2017 Central Seminary Korean Graduate Serves in Kansas City Lao Church

 

Central had a marvelous day of celebration in the new 21st Century Learning Center on May 13. About 350 people gathered to witness the Commencement ceremony for 36 of the 58 graduates who completed their diploma and degree programs this year.

In addition to those who were on campus for the celebration, this year – for the first time in the seminary’s history – the event was livestreamed for those who could not be in Kansas City in person. Anyone from Central’s global community could join in the celebration by logging in from their own computer or tablet.

One of the highlights of the Commencement ceremony were the awards presented to outstanding graduates. The C. R. McBride and Katherine Willard Eddy Award for Excellence in Ministry was given this year to two women and two men – one of each for the English and Korean programs.

 

EyeRei Yoo and In Kyun Woo, recipients of the C. R. McBride Katherine Willard Eddy Award at Central’s 115th Commencement.

 

EyeRei Yoo, who graduated with a master of divinity degree, was one of the Korean program recipients. Her story is of particular interest. From 2003-2014 she devoted her life as a Korean missionary to the Thai diaspora before she came to Kansas to attend seminary. She helped to plant churches in the northeast area of Thailand, having learned the Thai language in Chiang Mai while working with Korean missionaries.

Realizing she needed more training, she attended the School of Frontier Mission of Youth with a Mission and was then called to spread the Gospel to the unreached people of Isaan in northeast Thailand.

“90 % of the diaspora of the Thai people in Korea are Issan,” said EyeRei. “The official language is Thai for Issan, but I was shocked to learn that mostly they spoke old Lao. I needed to learn Lao and more about their culture, since it was very different from Thai culture. The place where I worked is located near the Mekong river faced the border of Laos, and naturally I had many opportunities to work my mission with the Lao people.”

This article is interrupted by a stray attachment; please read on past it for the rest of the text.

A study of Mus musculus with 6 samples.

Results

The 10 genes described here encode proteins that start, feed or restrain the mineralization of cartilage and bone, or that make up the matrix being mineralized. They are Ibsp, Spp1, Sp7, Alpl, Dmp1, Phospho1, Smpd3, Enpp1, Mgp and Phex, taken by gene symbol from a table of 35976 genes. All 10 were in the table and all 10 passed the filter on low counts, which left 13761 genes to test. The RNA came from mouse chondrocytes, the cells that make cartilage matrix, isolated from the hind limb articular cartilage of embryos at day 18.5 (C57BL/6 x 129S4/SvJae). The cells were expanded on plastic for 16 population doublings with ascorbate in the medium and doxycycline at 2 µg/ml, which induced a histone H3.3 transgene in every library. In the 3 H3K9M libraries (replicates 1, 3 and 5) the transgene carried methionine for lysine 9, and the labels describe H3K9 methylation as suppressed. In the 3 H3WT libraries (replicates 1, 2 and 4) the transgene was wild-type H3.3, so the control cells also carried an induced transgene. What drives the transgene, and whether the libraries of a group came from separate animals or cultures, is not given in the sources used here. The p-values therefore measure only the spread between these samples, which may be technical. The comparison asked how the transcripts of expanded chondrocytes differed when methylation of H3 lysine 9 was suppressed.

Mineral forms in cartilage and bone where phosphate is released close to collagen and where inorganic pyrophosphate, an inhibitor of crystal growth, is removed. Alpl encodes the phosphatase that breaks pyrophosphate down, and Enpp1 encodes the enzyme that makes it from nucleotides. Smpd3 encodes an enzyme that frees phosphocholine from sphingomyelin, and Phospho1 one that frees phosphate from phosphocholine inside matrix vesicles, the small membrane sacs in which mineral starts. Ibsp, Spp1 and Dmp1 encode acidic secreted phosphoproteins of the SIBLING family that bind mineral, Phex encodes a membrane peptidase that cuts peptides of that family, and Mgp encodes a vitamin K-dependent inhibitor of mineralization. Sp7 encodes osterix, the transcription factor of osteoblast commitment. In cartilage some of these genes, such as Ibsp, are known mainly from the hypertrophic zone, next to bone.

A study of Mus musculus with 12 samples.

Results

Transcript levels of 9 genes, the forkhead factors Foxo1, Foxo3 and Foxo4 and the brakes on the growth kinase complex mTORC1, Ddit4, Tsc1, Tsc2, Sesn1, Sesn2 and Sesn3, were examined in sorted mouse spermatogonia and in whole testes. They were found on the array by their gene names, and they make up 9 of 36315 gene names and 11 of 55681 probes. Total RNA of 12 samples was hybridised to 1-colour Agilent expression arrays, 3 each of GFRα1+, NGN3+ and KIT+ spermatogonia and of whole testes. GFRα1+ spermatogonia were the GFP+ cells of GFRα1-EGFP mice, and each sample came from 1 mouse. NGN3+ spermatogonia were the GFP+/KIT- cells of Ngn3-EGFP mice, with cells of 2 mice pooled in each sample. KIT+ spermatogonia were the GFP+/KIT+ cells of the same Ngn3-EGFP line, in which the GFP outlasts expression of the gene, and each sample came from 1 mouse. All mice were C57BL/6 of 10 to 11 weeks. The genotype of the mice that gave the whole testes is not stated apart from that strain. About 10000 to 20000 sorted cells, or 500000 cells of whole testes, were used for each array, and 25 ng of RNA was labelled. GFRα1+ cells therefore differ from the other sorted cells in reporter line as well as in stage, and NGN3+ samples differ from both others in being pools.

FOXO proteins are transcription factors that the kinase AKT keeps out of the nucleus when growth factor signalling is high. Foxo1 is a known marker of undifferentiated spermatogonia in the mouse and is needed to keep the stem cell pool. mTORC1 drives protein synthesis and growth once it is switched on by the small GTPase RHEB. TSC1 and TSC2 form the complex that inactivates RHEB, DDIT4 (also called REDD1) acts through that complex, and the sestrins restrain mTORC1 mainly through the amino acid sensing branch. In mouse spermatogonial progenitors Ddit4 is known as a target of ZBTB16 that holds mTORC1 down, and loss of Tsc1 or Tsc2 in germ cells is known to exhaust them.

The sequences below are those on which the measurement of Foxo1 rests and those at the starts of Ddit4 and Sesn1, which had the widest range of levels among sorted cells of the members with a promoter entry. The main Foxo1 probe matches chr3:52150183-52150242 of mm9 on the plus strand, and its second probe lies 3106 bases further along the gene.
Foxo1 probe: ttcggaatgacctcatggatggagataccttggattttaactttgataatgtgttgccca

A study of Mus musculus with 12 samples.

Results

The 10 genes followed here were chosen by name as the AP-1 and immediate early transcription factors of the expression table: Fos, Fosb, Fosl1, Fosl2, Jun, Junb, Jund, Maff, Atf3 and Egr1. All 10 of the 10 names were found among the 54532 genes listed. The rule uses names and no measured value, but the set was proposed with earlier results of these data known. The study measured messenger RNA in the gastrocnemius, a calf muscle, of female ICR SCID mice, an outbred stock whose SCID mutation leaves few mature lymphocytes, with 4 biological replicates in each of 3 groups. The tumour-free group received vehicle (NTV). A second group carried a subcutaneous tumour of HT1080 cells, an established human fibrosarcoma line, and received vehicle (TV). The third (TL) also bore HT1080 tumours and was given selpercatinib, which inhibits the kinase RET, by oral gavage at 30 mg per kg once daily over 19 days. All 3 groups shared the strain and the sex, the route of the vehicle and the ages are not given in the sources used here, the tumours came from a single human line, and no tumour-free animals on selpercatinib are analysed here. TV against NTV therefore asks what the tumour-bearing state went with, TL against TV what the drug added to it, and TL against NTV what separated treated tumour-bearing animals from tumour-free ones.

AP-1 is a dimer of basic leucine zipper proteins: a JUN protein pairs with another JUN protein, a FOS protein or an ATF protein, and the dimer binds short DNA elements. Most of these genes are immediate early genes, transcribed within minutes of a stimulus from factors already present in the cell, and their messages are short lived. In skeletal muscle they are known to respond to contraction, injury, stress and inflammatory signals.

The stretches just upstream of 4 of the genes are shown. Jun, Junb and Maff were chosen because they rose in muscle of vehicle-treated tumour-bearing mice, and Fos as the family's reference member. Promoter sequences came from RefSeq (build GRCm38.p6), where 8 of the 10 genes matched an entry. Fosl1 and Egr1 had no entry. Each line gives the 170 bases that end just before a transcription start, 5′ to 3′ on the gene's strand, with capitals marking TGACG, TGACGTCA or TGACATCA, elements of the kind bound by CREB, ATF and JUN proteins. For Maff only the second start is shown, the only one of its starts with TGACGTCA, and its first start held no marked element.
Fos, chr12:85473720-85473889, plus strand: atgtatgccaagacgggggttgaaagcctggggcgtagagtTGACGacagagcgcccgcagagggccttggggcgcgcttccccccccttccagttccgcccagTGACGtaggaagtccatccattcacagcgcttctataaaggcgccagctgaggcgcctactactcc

“In retrospect, I now understand why I needed to learn Lao, as well as Thai. God was preparing me for what was to come.” While taking Dr. Kwangsup Shin’s ministry dynamics class at Central, Yoo learned she could not complete her required internship with a Korean church. She researched and discovered a Lao church in Kansas. Former Central student and pastor of the church, the Rev. Theodore “Ted” Khongmaly, was pleased to discover she could speak Thai and Lao and agreed to be her mentor.

“We met every Sunday morning for 10 weeks to study the Bible. I also play the piano and was able to accompany the hymn singing. Sometimes Pastor Ted let me preach.”

Most people in the church were first generation refugees from Laos. EyeRei found she could relate well to them because they were not so far removed from the culture of their life in Laos. She was soon accepted into the community and felt loved by them.

EyeRei Yoo continues to play a significant role in the church by visiting, doing mission work, leading Bible study, preaching once a month, and leading a gospel choir. Upon the completion of her internship, the church called her to be an associate pastor.

“Learning about missional church thru Central gave me the freedom to have a broad vision for my ministry. In addition, President Marshall’s encouraging message was significant to me as a woman who feels called by God to minister. Her support gives me strength to minister with boldness. Rev. Ted is also supporting me as I prepare for ordination. I intend to devote the rest of my life to the mission field. As long as I am able and the opportunities are presented to me, I want to keep planting churches and working for the salvation of the diaspora of Thailand and Laos in the world.”